A view from the balcony of a busy open house showing student, stafff and faculty at the Athletics Centre

Student Wellness Centre

Cue or Formula Sheet as an Exam Accommodation

What is a cue sheet?

A cue sheet is a memory aid which can be used during exams by students with significant memory processing deficits. A cue sheet is meant to aid a student in triggering the recall of information stored in their long-term memory. It is not meant to provide a student with answers. Any information that is to be remembered as part of an essential learning outcome should not be included on a cue sheet.

A cue sheet should be no more than one 8.5x11 single-sided sheet of paper and may or may not include the following in a unique way:

  • Acronyms
  • Short phrases
  • Mind maps
  • Rough sketches

A formula sheet that is given by professors would be for students to demonstrate their ability to apply, rather than recall, formulas. A cue sheet, however, is a unique mechanism for an individual student to manipulate concepts in order to get them into long-term memory. The creation of the cue sheet assists students as they study.

Cue sheets are to be reviewed and approved by both SAS and the course instructor/professor before they may be used by a student during an exam. The course instructor has the final say in granting approval for a cue sheet as the course instructor is the content expert who determines the learning outcomes and objectives for the course.


Cue sheets must be approved by the SAS advisor who will forward the sheet to the course instructor(s) a minimum of 1 week (7 days) before the test/exam is to be written. This deadline is in place to allow sufficient time for communication and collaboration to occur between the student and course instructor(s).

  1. The student registers with SAS and Cue Sheet is approved as an accommodation based on a documented disability-related need.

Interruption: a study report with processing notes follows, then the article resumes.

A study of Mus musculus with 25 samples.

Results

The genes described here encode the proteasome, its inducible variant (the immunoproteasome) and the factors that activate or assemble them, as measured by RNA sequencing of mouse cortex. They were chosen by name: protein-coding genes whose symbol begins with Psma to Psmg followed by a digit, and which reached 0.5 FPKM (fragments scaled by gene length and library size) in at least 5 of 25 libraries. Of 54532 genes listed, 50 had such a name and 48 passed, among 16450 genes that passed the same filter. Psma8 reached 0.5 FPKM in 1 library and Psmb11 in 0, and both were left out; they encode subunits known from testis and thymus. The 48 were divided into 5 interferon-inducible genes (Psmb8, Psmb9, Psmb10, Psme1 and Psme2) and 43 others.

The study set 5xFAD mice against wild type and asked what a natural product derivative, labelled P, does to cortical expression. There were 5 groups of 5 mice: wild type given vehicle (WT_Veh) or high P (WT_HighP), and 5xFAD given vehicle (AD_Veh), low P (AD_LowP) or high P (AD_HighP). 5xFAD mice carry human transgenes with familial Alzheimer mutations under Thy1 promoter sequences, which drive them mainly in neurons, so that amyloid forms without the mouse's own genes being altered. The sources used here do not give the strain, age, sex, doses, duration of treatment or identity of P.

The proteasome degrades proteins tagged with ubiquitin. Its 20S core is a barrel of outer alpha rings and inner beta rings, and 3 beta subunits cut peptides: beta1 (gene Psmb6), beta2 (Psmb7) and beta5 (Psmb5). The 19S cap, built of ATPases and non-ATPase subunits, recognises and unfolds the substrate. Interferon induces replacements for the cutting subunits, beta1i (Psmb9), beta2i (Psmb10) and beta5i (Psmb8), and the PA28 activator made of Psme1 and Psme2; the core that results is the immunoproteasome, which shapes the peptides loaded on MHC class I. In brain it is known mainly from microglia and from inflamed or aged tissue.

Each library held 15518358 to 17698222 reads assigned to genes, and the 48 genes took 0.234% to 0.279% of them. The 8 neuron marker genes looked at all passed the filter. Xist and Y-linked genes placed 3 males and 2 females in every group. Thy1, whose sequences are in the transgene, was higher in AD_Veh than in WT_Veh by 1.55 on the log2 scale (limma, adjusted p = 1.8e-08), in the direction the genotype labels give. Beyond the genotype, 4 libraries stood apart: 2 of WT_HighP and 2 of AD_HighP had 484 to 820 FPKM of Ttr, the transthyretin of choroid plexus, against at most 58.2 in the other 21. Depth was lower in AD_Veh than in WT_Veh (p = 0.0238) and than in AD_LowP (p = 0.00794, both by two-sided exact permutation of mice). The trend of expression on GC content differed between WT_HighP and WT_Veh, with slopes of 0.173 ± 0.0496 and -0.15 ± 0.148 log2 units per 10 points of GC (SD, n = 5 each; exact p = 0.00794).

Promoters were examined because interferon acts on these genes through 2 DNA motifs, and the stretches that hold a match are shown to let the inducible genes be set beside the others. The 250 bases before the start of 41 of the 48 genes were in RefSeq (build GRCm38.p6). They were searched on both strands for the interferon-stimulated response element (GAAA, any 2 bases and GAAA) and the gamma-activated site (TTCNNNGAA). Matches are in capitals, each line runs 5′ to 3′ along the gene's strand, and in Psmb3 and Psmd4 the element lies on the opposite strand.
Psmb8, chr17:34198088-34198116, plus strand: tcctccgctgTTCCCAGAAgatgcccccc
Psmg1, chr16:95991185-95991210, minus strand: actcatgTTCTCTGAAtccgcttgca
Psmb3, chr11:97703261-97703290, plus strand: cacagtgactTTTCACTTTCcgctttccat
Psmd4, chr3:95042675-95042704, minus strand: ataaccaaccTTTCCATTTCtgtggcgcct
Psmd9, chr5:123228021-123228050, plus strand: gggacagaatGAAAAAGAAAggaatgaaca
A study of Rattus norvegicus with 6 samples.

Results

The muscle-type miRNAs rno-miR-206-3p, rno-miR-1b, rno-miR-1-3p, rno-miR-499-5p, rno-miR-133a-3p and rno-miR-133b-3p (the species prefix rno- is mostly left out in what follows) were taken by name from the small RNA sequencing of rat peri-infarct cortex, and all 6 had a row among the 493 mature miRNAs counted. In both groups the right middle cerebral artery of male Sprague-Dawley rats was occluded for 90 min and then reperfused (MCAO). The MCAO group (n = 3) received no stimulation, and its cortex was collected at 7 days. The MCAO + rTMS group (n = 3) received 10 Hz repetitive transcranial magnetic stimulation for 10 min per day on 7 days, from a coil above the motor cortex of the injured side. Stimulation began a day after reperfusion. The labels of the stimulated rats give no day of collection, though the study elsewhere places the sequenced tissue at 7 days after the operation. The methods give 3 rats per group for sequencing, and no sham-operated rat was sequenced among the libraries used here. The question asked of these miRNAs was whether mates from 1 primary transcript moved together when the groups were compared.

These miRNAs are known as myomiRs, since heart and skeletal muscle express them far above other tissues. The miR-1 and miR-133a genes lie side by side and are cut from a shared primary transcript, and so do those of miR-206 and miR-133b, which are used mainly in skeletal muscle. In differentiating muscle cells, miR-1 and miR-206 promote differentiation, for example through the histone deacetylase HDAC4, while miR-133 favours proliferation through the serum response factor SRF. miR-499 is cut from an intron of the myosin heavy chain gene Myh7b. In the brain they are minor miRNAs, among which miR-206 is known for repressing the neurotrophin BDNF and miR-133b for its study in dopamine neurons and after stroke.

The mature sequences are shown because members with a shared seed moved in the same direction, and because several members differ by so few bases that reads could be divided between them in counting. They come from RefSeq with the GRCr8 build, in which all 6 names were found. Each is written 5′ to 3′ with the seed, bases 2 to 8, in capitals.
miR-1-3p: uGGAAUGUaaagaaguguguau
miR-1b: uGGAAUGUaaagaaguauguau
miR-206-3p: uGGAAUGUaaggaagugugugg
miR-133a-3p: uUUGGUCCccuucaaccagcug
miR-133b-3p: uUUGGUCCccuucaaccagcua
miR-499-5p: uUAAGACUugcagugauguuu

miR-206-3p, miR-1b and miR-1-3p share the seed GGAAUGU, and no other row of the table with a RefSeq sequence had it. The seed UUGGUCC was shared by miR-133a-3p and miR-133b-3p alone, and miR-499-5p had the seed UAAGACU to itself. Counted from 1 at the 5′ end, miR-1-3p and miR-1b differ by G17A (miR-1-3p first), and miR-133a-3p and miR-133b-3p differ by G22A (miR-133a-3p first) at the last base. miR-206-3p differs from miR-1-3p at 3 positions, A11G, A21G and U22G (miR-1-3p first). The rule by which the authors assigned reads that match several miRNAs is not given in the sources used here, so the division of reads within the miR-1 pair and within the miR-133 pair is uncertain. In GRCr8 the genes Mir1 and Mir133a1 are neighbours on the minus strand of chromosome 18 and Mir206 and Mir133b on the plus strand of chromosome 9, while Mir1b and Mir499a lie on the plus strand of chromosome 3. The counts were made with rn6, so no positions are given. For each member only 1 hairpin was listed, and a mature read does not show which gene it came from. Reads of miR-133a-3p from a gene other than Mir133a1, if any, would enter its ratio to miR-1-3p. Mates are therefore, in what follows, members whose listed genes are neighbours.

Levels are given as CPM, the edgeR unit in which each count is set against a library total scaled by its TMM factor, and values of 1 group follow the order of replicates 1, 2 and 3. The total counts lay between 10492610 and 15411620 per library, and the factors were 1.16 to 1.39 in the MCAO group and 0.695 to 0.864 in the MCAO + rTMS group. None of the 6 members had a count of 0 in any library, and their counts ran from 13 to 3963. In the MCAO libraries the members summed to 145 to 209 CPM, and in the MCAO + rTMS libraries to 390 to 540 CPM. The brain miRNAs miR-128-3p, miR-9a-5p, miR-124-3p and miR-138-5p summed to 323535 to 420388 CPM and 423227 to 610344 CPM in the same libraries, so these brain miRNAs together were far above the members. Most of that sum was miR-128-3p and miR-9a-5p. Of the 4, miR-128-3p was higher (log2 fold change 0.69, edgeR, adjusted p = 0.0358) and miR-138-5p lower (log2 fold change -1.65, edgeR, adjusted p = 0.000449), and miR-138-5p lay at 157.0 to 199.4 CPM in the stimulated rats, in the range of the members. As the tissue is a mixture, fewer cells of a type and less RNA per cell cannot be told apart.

2. The cue sheet process starts at the beginning of term. The student works with a SAS advisor to create a cue sheet that meets the SAS criteria.
  3. The SAS advisor forwards the cue sheet to the course instructor(s) as a PDF or .jpeg/png.
  4. The course instructor(s) reviews the cue sheet and either approves the sheet, advises that changes/revisions are required, or rejects the cue sheet with rationale. Should changes be required to the cue sheet, the student makes those changes with the support of a SAS advisor and Step #3 is repeated.
  5. Once a cue sheet is approved by the course instructor(s), the SAS advisor contacts the Centre for Academic Testing (CAT), forwarding the approved cue sheet as a PDF or .jpeg/png. The course instructor(s) and the student are copied on that email.
  6. The CAT prints the approved cue sheet and adds it to the student’s exam envelope. The student uses the cue sheet during their exam and returns it along with their exam materials when submitting their exam upon completion.

A well-designed cue sheet is unique to each student.

Can you guess what discipline this is? For which course?


Sample of student cue sheet

The student worked with a SAS advisor through the process of creating a cue sheet that would help trigger their memory without providing the student with answers.